By Margarita Hernández Naranjo, Superintendente de Economía Popular y Solidaria
By aligning a commitment to social and environmental responsibility in the financial system, with the goal to financially include women, countries can make real progress on both fronts.
The 410 savings and credit cooperatives which Superintendencia de Economía Popular y Solidaria (SEPS) oversees, 50% of them women-owned, play a crucial role in Ecuador’s economy.
These small entrepreneurs live under the constant threat of environmental catastrophes. Ecuador is highly vulnerable to natural hazards, including floods, landslides, droughts, and earthquakes.
As such, our supervision work confronts two major challenges: women’s historic lack of access to credit, and the risk of environmental disaster. While these two challenges appear distinct, SEPS’s work with AFI in the last few years has shown that financial inclusion can drive progress on both.
As a financial regulator, our main lever is policy. By introducing new regulations, we have made it possible for women to have equal opportunities to access credit, without any discrimination. Additionally, for the first time, the population has access to gender-disaggregated information, enabling both financial institutions and regulators to make informed decisions to improve the living conditions of disadvantaged people.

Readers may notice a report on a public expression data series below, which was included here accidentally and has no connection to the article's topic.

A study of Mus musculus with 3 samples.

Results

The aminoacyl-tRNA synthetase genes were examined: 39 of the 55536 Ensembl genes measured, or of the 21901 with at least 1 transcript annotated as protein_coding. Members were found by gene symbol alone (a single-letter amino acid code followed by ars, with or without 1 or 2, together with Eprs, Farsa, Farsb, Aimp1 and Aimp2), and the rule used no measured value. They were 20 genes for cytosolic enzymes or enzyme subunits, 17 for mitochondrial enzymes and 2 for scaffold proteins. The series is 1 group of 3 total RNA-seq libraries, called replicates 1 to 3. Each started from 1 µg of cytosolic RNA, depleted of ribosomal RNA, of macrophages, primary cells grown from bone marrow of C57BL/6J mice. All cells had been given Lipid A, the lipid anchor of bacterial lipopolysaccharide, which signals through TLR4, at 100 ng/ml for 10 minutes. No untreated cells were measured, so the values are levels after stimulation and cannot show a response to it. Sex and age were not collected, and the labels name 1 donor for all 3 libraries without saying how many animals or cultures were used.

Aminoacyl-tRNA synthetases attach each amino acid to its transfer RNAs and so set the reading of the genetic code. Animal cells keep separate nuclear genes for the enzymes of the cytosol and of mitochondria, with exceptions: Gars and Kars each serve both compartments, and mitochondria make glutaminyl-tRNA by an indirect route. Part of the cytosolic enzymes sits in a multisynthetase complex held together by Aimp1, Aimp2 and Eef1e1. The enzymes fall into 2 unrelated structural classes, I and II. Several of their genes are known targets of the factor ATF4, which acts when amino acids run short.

Simultaneously, we are championing sustainable finance. In 2022, we launched environmental and social risk management (ESRM) guidelines for the credit cooperative sector. Developed with support from AFI peers and an AFI grant, the guidelines encourage a commitment to social and environmental responsibility, and provide a safeguard against credit decisions that would have negative impacts.
By maintaining these dual goals of increasing women’s access to financial products, and of achieving social and environmental sustainability, as policy and strategic imperatives, we have been able to advance on both.
Over the past six years, the gender credit access gap has narrowed by 8 percentage points, decreasing from 20.8% in 2017 to 12.8% in August 2023. Women in Ecuador now have more access to credit, and our whole society is benefiting as a result.
Ecuador’s experience, and our involvement in AFI’s Inclusive Green Finance and Gender Inclusive Finance workstreams, has brought home that there can be no financial inclusion without sustainability. Equally, there can be no sustainability if we do not focus on those who are excluded, mainly the most excluded, such as women.